Tag Archive for PISA

PISA: Why this international test matters and why my school did so well

As a busy high school student with a demanding schedule, the last thing I wanted to add to my plate was yet another standardized test. But my school signed up two years ago to take an international exam based on the PISA test, which is supposed to tell us whether we knew how to apply our math, science and reading… Read more →

Can U.S. high schools afford to ignore mediocre PISA scores? These students say no way

I recently spoke to a handful of young women at a high school in North Carolina who had taken an international test that is getting a lot of attention today–the PISA, a test taken by half a million 15-year-olds in 69 countries. Tanatswa, Keshal, Anisha and Hope understand something that seems to elude a lot of adults, even the ones… Read more →

Who cares about high school achievers?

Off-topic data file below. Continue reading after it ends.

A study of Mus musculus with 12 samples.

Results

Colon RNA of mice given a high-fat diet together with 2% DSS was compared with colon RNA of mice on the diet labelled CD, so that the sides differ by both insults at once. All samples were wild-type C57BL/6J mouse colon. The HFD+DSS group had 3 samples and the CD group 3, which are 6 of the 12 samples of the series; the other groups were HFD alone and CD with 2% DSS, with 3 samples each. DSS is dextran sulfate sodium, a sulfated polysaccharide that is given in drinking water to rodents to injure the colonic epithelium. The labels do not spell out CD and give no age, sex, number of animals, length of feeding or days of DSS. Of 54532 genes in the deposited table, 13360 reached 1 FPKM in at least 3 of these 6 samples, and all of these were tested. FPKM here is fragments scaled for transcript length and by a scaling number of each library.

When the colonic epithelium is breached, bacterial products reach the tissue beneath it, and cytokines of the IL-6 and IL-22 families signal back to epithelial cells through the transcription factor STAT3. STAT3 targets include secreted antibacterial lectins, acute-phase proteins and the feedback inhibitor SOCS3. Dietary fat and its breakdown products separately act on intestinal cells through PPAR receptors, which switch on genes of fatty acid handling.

Only four states — Georgia, Ohio, Pennsylvania and Texas — have accountability systems that encourage high schools to focus on high achievers, concludes Fordham’s High Stakes for High Schoolers Alabama, Idaho, Louisiana and New York are moving in that direction. Most states measure proficiency in English and math: Schools get no credit for helping students move from proficiency to excellence. Twenty-two… Read more →

‘Opting out’ must lead to more than feel-good policies

Poughkeepsie Journal, Commentary, 4-25-16

No matter how great of an education you think your child is getting, he or she is almost certainly trailing behind kids living in Singapore, Hong Kong, Taiwan, Japan, Switzerland, Finland, Poland, Canada, Germany, Australia and 18 other countries where, according to Pew Research Center, young people did “significantly” better on the PISA math test than those in the U.S.

That is why most of the heated arguments over opting in or out of standardized tests are missing the point. All of our schools, including yours, need to achieve much higher standards. And — since American students have been required to take standardized tests for more more than a decade — we also know which schools will need to stretch the farthest to get there. But it is simply a matter of degrees. Every parent needs to understand that an “A’’ in their neighborhood could translate into a “C’’ in Japan.